It’s no secret that plastics recycling is booming. Just ask the 225 000 visitors and 33 500 exhibitors at the Kshow in Düsseldorf, Germany, over the last two weeks. So what did I spy walking the halls?
The venue was buzzing with energy. Robotic arms were not just sorting scrap, they were playing chess on a giant suspended board, playing drums and DJ-ing to catch the attention of passers-by.
Smart sorting solutions and integrated systems were surveyed while sipping a cold beer and eating a salted pretzel with bratwurst. The mood was relaxed yet a curiosity and eagerness clung to the air. For plastics recyclers across the world, this was the time and the place to showcase what they’ve been working on ever since the pandemic hit. Especially since a new report by Greenpeace slams plastic recycling as a ‘dead end’.
No pressure, then.
An interesting fact is that the global recycled plastics market was worth almost US$ 28 billion last year. This is projected to exceed US$ 43.5 billion by 2026. Quite a leap in five years, no?
‘It’s incredible to see how much has changed in just a few years!’ says Andreas Jäger, global sales manager at Steinert. ‘Chemical recycling was but a blip on the radar at the 2019 edition of the K-Show. Now look around. Chemical recycling is everywhere.’
Market data backs up this observation. UK-based research firm IDTechEx forecasts that pyrolysis and depolymerisation plants will recycle over 20 million tonnes of plastic scrap per year by 2033. For anyone curious to learn more on the topic, be sure to check out an upcoming webinar.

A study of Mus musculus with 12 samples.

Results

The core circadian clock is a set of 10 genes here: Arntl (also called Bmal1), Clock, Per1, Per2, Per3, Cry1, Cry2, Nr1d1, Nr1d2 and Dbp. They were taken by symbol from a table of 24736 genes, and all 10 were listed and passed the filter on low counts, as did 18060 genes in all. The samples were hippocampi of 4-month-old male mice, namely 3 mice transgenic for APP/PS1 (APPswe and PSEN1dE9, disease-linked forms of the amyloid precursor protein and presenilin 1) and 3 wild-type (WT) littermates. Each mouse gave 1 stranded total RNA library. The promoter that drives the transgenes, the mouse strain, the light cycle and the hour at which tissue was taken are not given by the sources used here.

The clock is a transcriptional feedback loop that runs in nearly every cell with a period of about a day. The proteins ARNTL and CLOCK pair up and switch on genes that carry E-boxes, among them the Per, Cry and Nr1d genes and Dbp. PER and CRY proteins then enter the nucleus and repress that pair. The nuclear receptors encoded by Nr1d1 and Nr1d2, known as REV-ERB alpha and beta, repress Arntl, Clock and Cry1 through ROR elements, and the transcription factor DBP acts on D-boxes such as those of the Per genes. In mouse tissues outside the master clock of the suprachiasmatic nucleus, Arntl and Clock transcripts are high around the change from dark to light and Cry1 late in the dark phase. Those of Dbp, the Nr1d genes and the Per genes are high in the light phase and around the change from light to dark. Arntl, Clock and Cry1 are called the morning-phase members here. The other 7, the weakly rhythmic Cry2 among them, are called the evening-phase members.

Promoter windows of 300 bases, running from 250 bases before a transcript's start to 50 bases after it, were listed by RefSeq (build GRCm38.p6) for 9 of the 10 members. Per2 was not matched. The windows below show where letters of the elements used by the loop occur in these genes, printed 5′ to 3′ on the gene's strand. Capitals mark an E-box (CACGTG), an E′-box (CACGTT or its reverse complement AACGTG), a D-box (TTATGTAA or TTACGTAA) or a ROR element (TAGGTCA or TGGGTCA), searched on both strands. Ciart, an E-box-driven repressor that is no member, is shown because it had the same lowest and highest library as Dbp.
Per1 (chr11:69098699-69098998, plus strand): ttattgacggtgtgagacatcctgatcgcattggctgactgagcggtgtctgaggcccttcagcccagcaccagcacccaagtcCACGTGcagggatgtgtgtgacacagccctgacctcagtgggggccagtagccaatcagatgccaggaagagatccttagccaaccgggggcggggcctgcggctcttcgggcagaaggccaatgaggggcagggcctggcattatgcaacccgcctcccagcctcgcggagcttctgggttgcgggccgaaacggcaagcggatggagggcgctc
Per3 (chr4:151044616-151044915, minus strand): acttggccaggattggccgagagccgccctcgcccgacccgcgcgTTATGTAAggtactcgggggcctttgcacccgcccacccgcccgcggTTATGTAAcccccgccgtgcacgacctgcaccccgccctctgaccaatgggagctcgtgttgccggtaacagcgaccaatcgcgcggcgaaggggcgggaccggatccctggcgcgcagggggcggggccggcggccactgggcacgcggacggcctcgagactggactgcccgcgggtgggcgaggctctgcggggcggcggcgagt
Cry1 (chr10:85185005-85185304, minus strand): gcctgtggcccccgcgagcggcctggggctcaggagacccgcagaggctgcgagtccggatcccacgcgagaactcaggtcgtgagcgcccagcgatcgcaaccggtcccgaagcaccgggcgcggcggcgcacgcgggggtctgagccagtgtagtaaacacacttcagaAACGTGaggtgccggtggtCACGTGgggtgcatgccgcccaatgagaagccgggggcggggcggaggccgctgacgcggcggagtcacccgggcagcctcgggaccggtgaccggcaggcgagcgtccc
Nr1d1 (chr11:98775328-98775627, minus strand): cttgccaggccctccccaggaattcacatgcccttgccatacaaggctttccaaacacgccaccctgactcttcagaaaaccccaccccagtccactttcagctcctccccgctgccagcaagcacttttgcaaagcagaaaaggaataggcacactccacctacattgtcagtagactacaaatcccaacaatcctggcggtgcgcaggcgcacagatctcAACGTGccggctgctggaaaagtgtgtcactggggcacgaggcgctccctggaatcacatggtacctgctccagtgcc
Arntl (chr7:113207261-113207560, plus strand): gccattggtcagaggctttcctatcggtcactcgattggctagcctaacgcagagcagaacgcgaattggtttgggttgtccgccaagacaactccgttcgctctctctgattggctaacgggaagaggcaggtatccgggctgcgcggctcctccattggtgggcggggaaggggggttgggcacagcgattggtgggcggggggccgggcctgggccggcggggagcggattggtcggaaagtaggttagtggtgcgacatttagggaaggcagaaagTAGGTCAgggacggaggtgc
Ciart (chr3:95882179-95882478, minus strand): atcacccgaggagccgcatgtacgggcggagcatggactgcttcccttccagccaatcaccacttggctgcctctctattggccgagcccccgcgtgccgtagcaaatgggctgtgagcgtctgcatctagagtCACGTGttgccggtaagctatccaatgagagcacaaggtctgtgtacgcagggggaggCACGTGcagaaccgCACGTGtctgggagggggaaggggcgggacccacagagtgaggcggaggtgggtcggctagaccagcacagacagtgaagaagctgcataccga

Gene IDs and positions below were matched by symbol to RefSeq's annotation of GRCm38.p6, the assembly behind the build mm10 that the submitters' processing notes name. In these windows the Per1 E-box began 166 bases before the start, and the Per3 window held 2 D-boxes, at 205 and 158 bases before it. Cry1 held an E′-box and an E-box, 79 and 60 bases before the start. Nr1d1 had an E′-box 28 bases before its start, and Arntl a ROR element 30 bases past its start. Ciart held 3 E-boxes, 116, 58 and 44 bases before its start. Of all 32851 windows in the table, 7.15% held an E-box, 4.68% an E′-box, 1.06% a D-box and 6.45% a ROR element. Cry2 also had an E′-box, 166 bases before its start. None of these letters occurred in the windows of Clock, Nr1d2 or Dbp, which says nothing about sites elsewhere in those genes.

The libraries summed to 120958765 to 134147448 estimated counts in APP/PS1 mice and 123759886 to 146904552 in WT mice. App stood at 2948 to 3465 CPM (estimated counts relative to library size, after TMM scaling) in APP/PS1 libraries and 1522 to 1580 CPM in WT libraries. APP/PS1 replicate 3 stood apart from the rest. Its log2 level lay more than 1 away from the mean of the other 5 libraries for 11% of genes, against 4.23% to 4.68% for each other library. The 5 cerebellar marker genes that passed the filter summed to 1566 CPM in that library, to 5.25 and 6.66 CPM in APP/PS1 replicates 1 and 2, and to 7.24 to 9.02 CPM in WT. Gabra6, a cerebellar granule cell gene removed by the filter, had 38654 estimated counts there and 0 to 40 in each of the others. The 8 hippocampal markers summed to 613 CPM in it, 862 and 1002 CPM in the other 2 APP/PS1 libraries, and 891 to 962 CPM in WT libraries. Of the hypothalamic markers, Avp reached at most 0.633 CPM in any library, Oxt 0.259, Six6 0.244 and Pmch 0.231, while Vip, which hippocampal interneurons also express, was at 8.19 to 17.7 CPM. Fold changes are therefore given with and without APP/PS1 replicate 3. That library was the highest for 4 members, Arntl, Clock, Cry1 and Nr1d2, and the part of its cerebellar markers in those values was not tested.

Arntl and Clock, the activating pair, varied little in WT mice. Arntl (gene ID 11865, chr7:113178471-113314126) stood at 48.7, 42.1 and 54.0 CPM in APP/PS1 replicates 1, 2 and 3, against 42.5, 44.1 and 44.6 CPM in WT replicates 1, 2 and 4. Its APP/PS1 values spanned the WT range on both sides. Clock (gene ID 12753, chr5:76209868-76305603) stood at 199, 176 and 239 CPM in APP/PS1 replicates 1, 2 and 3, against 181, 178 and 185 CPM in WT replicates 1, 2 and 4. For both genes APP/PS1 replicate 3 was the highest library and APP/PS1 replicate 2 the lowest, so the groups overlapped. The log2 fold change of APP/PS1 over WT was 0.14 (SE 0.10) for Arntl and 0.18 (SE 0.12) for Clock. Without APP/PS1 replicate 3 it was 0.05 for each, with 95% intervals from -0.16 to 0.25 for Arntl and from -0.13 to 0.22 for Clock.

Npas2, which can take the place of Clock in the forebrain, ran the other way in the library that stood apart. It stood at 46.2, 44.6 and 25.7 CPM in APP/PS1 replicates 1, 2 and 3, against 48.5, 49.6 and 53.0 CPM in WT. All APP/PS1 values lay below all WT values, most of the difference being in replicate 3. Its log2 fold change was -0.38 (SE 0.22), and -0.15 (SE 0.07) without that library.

Amongst the innovators exhibiting at the Kshow was Carboliq. The German start-up converts mixed and heavily contaminated plastics into a ‘high quality liquid resource’, which it believes is an important milestone towards the end of waste.
Carboliq relies on a one-stage process to liquefy solid hydrocarbons under atmospheric pressure and process temperatures below 400°C.
‘Our process is suitable for multi-layer film as well, which represents a big waste volume these days,’ says project manager Florian Hanser. ‘There must be an answer for all plastics,’ he argues. ‘It’s great that there are bottle-to-bottle plants but not all product types are so easily returned to the loop.’
On the other hand, chemical recycler Recycling Technologies has gone under this September. The UK company, which had been fine-tuning its patented technology since 2012, was not able to acquire additional funding to take its process to the next level. Company founder Adrian Griffiths hopes interested parties will step forward to preserve the recycler’s intellectual property.
Room for everyone
Jäger is quick to add that, as a solutions provider, Steinert does not ‘pick sides’ and believe there is room for everyone in the industry. ‘We look at it from a practical perspective; all recyclers need sorting equipment, no matter what they do with their scrap in the end. Who are we to judge them?’
While some count mechanical recycling as ‘the only real recycling’, Jäger argues there is no single right way to do it. ‘It all depends on the situation, the material quality, the total carbon footprint. Ultimately, it has to make sense, it has to be feasible.’
The idea that chemical recyclers are being cast as the bad guys makes him laugh. ‘Technology is not the enemy. Well, you could say the consumer is. Or rather, our bad habits,’ the sales manager responds. ‘We need innovative technology to get to the next step. No solution is 100% perfect, especially not if it’s relatively new.’
Stay tuned >> for a deep dive into the ‘scary’ Greenpeace report!